Jazz

The blues have traveled far and wide over the last century — exerting a vast cultural influence worldwide, yielding myriad offshoots, and generating fortunes for some of the biggest musical acts of our time. But it's also still the product of local conditions, and bound by hardscrabble local concerns.

On this episode of Jazz Night in America, we'll go to Clarksdale, Miss., to get a temperature reading at ground level, where struggling musicians are finally beginning to reap the benefits of a recent wave of blues tourism.

Makoto Ozone On Piano Jazz

Oct 27, 2017

In 1984, when pianist Makoto Ozone was Marian McPartland's guest for the first time, he had become known as a rising jazz star. In his early 20s, he was already a master technician with many keyboard influences, including Oscar Peterson, but he first heard jazz from his father at home in Kobe, Japan.

Norah Jones didn't have much time to scale up her operation. She was a singer-songwriter of immense talent but intimate affect, accustomed to playing Lower East Side dives and folk cafés, when her debut album, Come Away With Me, became a sleeper smash in 2002. Then came the deluge: major television appearances, enormous stages, armloads of Grammy awards.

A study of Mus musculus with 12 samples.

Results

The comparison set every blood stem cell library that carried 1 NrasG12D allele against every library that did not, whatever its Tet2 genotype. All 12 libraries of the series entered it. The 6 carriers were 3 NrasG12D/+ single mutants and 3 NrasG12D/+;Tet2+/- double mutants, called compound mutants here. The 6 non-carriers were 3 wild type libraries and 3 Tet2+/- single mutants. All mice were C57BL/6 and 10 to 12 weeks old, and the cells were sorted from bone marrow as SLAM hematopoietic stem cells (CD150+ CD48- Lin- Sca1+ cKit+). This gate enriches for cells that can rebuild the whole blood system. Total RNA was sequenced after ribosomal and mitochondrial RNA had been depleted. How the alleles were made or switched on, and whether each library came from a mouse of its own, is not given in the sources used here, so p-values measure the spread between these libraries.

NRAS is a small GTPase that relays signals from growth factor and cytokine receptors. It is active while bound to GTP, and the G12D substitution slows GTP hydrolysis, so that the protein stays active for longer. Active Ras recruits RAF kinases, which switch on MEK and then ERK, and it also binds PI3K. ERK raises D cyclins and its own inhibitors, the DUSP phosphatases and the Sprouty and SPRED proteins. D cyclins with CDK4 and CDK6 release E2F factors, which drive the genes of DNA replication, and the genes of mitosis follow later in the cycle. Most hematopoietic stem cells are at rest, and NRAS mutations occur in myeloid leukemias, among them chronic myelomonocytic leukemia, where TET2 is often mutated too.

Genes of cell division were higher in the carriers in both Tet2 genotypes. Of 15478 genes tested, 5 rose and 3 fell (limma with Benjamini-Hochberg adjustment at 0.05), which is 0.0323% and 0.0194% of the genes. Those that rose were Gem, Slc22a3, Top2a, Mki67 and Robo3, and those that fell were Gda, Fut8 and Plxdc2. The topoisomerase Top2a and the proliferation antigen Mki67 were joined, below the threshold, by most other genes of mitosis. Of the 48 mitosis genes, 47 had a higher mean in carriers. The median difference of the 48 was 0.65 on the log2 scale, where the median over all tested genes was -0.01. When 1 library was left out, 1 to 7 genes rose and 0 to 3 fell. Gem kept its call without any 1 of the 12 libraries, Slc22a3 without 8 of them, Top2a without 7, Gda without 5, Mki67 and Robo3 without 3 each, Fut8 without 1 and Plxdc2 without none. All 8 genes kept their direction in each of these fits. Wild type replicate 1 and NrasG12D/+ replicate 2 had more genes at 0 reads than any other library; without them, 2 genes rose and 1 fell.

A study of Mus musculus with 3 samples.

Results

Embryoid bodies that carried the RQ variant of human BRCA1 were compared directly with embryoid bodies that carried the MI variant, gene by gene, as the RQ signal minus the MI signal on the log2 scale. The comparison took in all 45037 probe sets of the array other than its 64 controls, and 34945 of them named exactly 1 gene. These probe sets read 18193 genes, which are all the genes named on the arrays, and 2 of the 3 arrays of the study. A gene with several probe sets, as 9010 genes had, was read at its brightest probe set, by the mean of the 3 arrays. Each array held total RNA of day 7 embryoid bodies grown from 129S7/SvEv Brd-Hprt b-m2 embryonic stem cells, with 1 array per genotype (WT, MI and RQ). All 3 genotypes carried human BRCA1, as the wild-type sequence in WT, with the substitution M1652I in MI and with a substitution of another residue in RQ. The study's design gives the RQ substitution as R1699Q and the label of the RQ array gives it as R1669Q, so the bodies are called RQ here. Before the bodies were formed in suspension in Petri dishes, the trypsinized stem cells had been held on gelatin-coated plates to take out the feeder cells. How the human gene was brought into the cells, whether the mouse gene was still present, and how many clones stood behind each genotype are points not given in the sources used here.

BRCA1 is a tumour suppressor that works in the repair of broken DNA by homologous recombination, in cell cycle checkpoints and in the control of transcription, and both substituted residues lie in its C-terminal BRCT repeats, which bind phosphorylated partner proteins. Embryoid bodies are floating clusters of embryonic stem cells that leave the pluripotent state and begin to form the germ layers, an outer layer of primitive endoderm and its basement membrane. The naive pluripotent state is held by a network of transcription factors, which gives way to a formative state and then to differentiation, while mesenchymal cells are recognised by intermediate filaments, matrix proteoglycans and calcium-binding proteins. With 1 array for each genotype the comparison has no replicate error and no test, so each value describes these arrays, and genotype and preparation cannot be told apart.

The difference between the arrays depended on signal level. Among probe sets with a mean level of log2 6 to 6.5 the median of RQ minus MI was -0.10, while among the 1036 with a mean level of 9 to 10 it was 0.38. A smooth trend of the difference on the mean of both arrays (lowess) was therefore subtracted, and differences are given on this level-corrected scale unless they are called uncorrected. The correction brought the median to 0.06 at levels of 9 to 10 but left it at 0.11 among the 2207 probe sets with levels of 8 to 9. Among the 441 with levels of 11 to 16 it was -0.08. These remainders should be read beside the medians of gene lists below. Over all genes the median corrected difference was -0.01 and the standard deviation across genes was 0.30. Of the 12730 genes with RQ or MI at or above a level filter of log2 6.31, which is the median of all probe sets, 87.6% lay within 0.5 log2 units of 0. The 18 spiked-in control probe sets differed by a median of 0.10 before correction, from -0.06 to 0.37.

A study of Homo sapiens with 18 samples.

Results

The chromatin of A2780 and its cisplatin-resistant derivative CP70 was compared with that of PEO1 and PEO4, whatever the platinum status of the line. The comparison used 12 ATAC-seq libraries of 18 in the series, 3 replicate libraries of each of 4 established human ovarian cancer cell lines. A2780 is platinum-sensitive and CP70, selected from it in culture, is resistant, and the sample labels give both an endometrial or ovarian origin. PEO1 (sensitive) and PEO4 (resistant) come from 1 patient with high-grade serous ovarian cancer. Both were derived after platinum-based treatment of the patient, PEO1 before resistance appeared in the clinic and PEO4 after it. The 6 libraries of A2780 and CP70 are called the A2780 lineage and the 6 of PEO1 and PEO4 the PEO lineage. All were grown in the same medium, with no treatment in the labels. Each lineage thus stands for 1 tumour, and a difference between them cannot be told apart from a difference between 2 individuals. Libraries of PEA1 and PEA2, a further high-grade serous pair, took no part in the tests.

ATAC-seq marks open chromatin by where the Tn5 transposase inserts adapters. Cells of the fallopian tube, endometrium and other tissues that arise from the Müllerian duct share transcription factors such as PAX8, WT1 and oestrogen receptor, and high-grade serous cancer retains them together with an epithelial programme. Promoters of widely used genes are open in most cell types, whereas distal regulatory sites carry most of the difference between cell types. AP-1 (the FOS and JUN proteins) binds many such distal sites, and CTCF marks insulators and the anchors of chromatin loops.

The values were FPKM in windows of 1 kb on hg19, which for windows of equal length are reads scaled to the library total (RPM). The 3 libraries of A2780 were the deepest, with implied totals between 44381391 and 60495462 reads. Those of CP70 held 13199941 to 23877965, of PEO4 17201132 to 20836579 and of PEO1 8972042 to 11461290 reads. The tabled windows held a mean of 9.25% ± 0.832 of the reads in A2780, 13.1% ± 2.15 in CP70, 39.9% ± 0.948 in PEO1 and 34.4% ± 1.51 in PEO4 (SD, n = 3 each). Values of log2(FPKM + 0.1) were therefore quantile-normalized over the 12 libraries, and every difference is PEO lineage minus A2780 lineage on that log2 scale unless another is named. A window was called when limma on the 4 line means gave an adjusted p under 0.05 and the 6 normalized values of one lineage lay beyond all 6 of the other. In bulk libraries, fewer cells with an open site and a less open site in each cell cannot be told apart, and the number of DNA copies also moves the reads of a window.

This week we present the first episode from the 2017-2018 Pickathon Woods Series. These videos are hand-picked by opbmusic to showcase some of the most exciting performances captured at the Woods Stage during Pickathon, a three-day festival held annually just outside Portland, Ore.

Note: NPR's First Listen audio comes down after the album is released. However, you can still listen with the Spotify or Apple Music playlist at the bottom of the page.


What kind of man is Gregory Porter? As it happens, he's already told us himself. "I'm a real good man," he sang in "Real Good Hands," one of a handful of sturdily built original songs from his 2012 album, Be Good. He was extending a suitor's reassurance there, addressing a future father-in-law. But we were invited to listen in and draw our own conclusions.

The music of pianist and composer Abdullah Ibrahim conveys an extraordinary depth in stillness. More than perhaps any other improvising artist, he knows how to turn the solitary act of introspection into a communal experience that's both transporting and immersive.